Sunday, September 9, 2012

A Special Evening

Yesterday was packed with amazing experiences. Just before noon Rebekah and I went into Itaewon, which is the international section of Seoul. We met her South African friend Aimee and headed to Braai Republic, a South African pub, for lunch. This was my first time eating South African food. We each ordered a dish called lamb potjie. Even if it hadn't been delicious, which it was, I would have liked it simply because of the cute mini cast iron pots it was served in.




Here is my random collage of the day.


Top left to right clockwise: a street vendor pulling his cart to his spot on the street; the Canadian pub in Itaewon; a cart filled with recycled cardboard; Seoul's very efficient subway system

We came home from Itaewon, picked up Anton, and headed out for an unforgettable experience. Rebekah's head teacher had invited us to join her family for a meal. Their home is in a more rural area of Korea, far from the crowds and traffic of Seoul. They have several chickens that supply them with fresh eggs every day, along with garden plots in several spots around their home. It is an incredibly beautiful setting.




From the minute I walked through the door I knew it was going to be a very special evening. They were so welcoming and happy to have us visit them. They had invited a few friends over, and between their collective English skills and Rebekah's increasing Korean we managed to carry on some lively conversation.

I could not believe the food they spread out on the table in front of us. It was their version of a traditional Korean dish called bibimbap, which is basically rice mixed with a variety of side dishes. By the time all the side dishes were brought out every square inch of the table was filled!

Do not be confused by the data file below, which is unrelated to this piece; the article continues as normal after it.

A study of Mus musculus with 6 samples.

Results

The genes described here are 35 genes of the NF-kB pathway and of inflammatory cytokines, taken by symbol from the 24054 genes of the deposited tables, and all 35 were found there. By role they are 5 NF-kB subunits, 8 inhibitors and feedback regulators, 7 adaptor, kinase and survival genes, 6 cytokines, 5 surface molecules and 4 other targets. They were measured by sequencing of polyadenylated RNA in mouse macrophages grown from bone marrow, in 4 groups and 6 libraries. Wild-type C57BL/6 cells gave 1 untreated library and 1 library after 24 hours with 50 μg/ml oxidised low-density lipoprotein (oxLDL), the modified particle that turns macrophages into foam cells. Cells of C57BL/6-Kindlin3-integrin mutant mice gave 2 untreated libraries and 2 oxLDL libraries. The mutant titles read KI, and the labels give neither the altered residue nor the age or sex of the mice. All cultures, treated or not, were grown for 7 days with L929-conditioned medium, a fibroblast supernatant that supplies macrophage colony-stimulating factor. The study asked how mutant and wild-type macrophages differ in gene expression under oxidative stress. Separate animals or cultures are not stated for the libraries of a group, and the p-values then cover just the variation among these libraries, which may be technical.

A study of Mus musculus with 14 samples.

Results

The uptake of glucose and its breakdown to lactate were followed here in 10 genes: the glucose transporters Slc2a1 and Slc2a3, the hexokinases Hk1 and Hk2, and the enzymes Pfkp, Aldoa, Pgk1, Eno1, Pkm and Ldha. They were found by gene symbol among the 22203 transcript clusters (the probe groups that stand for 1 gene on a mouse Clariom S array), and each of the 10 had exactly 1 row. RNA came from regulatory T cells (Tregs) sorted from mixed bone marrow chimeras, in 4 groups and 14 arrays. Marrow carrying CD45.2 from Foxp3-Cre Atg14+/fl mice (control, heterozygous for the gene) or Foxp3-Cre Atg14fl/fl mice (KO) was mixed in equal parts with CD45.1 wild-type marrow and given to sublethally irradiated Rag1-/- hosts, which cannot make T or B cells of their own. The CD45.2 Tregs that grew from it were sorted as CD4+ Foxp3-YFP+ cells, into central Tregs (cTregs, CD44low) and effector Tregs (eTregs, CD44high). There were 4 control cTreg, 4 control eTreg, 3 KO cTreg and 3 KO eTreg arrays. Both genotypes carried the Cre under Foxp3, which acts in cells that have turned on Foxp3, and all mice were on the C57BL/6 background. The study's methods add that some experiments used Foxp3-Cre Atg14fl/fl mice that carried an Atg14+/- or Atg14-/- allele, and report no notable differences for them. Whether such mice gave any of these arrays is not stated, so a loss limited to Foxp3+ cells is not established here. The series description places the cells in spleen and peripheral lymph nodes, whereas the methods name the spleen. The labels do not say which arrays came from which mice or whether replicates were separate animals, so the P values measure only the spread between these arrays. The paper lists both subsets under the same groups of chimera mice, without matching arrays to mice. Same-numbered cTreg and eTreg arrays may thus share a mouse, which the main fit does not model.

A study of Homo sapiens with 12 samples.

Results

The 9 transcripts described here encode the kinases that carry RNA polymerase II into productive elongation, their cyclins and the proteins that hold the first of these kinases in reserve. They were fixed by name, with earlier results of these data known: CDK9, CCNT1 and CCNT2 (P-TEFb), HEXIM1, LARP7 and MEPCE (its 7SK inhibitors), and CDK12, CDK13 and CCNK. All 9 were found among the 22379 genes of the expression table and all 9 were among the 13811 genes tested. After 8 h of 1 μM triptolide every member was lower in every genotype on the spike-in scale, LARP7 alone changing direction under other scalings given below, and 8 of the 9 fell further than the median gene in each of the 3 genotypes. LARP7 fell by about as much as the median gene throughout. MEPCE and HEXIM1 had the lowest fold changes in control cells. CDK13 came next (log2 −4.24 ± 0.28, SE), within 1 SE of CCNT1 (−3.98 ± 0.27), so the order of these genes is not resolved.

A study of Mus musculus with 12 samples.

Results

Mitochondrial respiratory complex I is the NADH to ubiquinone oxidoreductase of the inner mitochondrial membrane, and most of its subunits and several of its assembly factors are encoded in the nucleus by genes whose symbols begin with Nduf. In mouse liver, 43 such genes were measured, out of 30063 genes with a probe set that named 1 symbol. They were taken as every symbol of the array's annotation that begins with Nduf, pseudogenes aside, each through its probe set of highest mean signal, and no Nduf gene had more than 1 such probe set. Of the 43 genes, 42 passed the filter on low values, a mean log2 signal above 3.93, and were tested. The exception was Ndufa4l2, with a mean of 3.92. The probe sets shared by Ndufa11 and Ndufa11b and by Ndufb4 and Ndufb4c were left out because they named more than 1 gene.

After dinner the head teacher's two sons and a friend gave us a Taekwondo demonstration. These were not kids just fooling around. They were seriously good. Those are black belts they are wearing around their waists! (So far all I have managed to earn at my Wing Chun lessons is a t-shirt. And to be honest I didn't earn it. I bought it.)




The head teacher's husband sang a traditional Korean song for us, accompanied by a friend playing the drum.




Then the head teacher brought out a covered tray.




She pulled off the cover to reveal a beautiful traditional Korean tea set. Then she explained that Buddhist monks consider the tea ceremony we were about to participate in a form of meditation. First hot water was added to the teapot and cups to warm them, then that water was discarded. Next she poured hot water into the teapot, then poured the water from the pot over a strainer into a bowl, and from bowl into the cups. It was a Korean green tea, and was the perfect finish to a wonderful evening.





As we wound our way down the narrow road to catch our bus back to Guri, the faint smell of wood smoke from neighbouring homes wafting through the air, I knew I had just had a once in a lifetime experience, one I will treasure for the rest of my life.




6 comments:

  1. I teared up reading this, Kristie. What an amazing experience.


    The lamb dish looks very tasty--and I usually don't like lamb.


    All the foods look great! I missed bibimbap this time. I took Delta instead of Korean Air. But it was a new experience which I welcomed. Enjoy your trip! Just looking at your photos is fun.